Oklahoma Intellectual Property Questions & Answers

Q: Strangers broke down left their car on my property. Tried calling them, phone is off. Been here 25days. How to claim $?

1 Answer | Asked in Intellectual Property and Small Claims for Oklahoma on
Answered on Jun 8, 2018
Andrew Zulieve Esq's answer
File a report with the local police and let them investigate the matter for possible criminal charges.

Q: A cork maker owns their trademark in wine, but not for household goods, which I want for a corkscrew. Can I trademark?

1 Answer | Asked in Intellectual Property and Trademark for Oklahoma on
Answered on Feb 8, 2018
Benton R Patterson III's answer
There is really not a clear answer here. It is possible the other trademark owner may oppose your trademark registration or sue you for trademark infringement. The fact that the two marks are in different classes does not necessarily mean consumers are unlikely to be confused by the two marks. The fact that the customers of each business are different is relevant, but not conclusive. I recommend speaking with a trademark attorney to evaluate all the facts to determine your chances of...

Q: Is it legal to 3D Model off a patent?

1 Answer | Asked in Copyright, Intellectual Property and Patents (Intellectual Property) for Oklahoma on
Answered on Aug 4, 2017
Peter D. Mlynek's answer
If a patent is expired, then whatever is in the patent is generally considered in public domain, meaning, that anyone should be able to use it. There may be some weird exception to this, but that is the whole idea behind patents: the inventor discloses the invention to the society, and return the society lets him go after infringers for a limited time. Once the time expires, it belongs to the society.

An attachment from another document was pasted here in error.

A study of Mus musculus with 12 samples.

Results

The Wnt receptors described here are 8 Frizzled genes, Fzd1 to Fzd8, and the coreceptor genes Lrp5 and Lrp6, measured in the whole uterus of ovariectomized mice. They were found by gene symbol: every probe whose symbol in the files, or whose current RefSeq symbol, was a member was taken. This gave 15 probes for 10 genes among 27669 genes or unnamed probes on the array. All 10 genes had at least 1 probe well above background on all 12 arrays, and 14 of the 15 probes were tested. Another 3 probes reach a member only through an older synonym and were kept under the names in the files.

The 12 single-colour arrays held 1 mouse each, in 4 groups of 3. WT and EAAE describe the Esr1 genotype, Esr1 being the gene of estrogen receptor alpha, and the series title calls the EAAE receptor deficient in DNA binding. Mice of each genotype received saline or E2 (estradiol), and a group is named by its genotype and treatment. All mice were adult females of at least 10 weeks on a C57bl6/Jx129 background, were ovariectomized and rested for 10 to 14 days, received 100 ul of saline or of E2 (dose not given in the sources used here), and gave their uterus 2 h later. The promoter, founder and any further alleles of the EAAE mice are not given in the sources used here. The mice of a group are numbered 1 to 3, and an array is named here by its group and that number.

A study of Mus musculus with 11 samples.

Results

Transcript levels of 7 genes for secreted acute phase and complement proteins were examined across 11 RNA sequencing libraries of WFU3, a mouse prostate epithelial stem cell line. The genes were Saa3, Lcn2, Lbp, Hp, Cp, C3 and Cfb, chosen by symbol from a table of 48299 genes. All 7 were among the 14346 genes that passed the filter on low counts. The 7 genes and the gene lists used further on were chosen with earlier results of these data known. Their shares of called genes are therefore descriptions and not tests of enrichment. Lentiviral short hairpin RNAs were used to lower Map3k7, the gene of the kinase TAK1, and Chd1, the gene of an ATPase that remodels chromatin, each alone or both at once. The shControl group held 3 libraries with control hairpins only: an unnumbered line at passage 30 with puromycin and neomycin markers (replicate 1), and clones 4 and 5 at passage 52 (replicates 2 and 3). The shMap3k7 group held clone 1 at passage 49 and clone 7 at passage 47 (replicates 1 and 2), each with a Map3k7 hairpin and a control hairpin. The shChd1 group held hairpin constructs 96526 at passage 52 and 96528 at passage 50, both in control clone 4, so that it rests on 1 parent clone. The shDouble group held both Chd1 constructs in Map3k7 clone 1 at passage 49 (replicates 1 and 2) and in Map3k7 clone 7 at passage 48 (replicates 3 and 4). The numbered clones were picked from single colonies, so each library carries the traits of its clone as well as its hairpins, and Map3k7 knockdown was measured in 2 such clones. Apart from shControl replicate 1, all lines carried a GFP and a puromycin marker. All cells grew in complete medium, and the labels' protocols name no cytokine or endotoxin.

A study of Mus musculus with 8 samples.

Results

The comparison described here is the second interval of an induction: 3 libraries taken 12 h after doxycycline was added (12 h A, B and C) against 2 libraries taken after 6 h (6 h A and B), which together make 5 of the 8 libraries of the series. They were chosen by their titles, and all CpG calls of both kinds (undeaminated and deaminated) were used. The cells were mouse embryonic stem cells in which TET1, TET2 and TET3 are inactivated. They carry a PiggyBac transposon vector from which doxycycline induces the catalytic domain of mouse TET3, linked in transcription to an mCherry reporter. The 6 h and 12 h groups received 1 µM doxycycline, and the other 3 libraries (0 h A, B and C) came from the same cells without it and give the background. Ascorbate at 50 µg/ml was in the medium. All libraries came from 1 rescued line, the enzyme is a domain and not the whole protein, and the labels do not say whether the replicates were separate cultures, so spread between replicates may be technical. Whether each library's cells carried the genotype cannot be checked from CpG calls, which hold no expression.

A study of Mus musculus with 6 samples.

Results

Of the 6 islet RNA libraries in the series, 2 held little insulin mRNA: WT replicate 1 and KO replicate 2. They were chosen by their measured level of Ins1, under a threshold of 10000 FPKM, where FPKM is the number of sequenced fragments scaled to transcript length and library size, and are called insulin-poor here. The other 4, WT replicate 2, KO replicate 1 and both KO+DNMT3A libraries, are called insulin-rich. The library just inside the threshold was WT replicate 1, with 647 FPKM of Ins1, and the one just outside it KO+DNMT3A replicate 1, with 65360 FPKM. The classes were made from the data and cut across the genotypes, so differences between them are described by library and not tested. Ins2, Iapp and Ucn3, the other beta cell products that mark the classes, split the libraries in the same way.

However, you do need to be careful, though: there may be other patents out there....

Q: IN CASES OF COPYING AND SELLING OF COPYRIGHTED MATERIALS DOES THE SUPRMACY CLAUSE APPLY

1 Answer | Asked in Intellectual Property for Oklahoma on
Answered on Oct 8, 2015
Terrence H Thorgaard's answer
Copyright protection is governed by federal law. The Supremacy Clause declares that federal law supersedes inconsistent state law. So yes, if there are state laws in the picture (although it is hard to imagine that being), they would probably be superseded by federal law.